Life is filled with encounters with people, both friends and relatives and total strangers. Each one has the potential to greatly affect you – to change everything.
When I was 6 or 7 years old, I was hanging out with neighbor Mahesh, who is four years older than me. So I went over to his house to shoot baskets – it was almost the only time we ever played together. I was just beginning to get interested in basketball. So I asked, “What’s your favorite team?” and he said the Boston Celtics. So I decided, why not, sounds good - and I became a Celtics fan for life. I watch a lot of games and follow them more closely than any team in any sport. And if you ask most of my friends, they would tell you right away that I am a h-u-g-e Celtics fan.
Mahesh went his way. He’s in high school now and I don’t see him much. We hardly ever played basketball together after that day. But his influence on me is still very strong. On a court on one day, one encounter changed my life and my sporting world.
Jewish history is all about how simple encounters, even with strangers, can make a big difference in our lives. My portion is the first one in the book of Leviticus – Vayikra – which describes the ancient form of religious worship known as sacrifice. We don’t do sacrifices anymore, but there are still lessons for us to learn.
One lesson is the word sacrifice itself – In Hebrew, it’s KORBAN, which comes from the Hebrew word “Karov” which means “close.” To give a sacrifice was a way that our ancestors brought themselves closer to God. But in doing that, they had to take a trip to Jerusalem, which could have taken many days, and on the way, they would have encounters with many different people, including a brief encounter with the priest who took the animal from them at the temple.
It’s similar today – no we don’t sacrifice animals (Don’t worry, Dylan). But in being part of a synagogue, while we are praying to God, we are also coming closer to other people. On the first day of Hebrew School we meet a new teacher and new madrich, or teacher’s aide, people that I may not have known that well. By the end of the year it’s clear that they have made a big difference in our lives. Mrs. Hammerman was a great teacher this year and made going to Hebrew School a more positive experience. (The Rabbi did NOT tell me to say that). It’s encounters like these that help us become who we are. And it doesn’t just happen in a synagogue of course, it’s everywhere.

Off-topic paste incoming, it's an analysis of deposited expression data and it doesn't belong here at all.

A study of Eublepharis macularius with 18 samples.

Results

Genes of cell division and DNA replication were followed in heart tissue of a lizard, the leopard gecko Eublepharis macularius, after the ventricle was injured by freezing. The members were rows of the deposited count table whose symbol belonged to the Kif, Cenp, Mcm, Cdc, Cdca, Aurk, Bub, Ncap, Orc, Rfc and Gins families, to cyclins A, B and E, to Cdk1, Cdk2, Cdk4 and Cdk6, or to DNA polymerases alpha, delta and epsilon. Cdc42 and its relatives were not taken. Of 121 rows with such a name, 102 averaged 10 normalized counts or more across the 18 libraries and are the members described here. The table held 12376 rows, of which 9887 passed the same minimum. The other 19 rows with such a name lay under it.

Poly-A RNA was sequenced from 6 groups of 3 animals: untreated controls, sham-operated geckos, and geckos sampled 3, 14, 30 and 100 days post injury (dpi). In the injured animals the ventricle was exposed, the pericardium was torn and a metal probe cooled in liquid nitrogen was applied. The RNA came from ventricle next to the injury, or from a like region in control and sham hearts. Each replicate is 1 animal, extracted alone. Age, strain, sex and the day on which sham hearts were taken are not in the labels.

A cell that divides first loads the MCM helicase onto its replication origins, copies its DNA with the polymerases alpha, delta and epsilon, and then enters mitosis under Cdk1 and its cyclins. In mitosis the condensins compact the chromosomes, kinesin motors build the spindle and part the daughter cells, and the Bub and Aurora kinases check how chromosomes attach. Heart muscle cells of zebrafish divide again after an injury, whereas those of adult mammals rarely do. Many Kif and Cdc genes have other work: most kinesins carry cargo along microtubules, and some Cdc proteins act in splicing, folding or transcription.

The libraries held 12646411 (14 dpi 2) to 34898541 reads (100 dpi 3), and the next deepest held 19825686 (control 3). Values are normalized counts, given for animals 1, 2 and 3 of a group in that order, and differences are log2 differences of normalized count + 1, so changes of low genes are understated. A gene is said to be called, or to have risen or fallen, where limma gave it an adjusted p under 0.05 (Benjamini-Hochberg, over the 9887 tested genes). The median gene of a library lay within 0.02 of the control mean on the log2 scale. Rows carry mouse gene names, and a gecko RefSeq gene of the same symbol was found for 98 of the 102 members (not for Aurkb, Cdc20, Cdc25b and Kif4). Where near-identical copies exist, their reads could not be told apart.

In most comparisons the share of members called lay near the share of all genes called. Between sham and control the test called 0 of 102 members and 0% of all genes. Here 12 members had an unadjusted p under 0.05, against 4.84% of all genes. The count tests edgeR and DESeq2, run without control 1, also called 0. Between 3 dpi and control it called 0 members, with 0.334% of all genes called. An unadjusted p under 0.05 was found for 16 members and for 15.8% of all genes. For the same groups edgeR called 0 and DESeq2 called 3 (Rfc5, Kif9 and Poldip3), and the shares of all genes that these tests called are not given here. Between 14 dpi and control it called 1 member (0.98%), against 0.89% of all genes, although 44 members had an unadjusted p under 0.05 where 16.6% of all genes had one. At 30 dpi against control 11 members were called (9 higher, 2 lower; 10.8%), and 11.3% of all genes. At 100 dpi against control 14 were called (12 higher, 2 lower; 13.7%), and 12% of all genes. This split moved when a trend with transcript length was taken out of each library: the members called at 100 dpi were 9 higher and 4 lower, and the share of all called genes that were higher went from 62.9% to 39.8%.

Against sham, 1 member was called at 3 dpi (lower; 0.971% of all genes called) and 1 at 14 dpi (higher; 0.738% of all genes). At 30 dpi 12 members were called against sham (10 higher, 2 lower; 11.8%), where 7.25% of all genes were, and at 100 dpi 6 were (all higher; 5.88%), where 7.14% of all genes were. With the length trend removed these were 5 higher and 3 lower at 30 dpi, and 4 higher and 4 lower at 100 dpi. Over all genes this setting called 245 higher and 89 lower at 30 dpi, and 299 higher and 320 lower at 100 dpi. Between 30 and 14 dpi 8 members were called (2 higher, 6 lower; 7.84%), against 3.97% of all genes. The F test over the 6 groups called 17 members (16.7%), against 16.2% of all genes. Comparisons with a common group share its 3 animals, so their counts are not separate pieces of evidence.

A few years ago, my family traveled to Guatemala. It was a very fun trip but along the way, I did see a lot of poor, hungry people on the streets. In the markets, people would sell you five bracelets for, like, 25 cents. So I bought a couple of dozen and just gave them to all my friends. True, we managed to lose almost all of them within a week, but this brief encounter in the market helped these poor people and it made my friends happy.
For my mitzvah project, I am doing two things. I’m volunteering my time at Person to Person, where I am helping to sort food, clothes, toys and tools, so that people in need can come and get them. I’m also donating some of my bar mitzvah money to an organization that my grandma started in Hilton Head, called Backpack Buddies. This charity provides food over the weekend for disadvantaged children who get free meals at school during the week.
Although I will probably never meet the people who I am helping at Person to Person or Backpack Buddies, I know that I am affecting their lives every bit as much as Mahesh changed mine – maybe even more.
Through acts of kindness like this, the brief encounter that can change a life doesn’t even require you to even be in the same state as the person you help. But it still can change a life.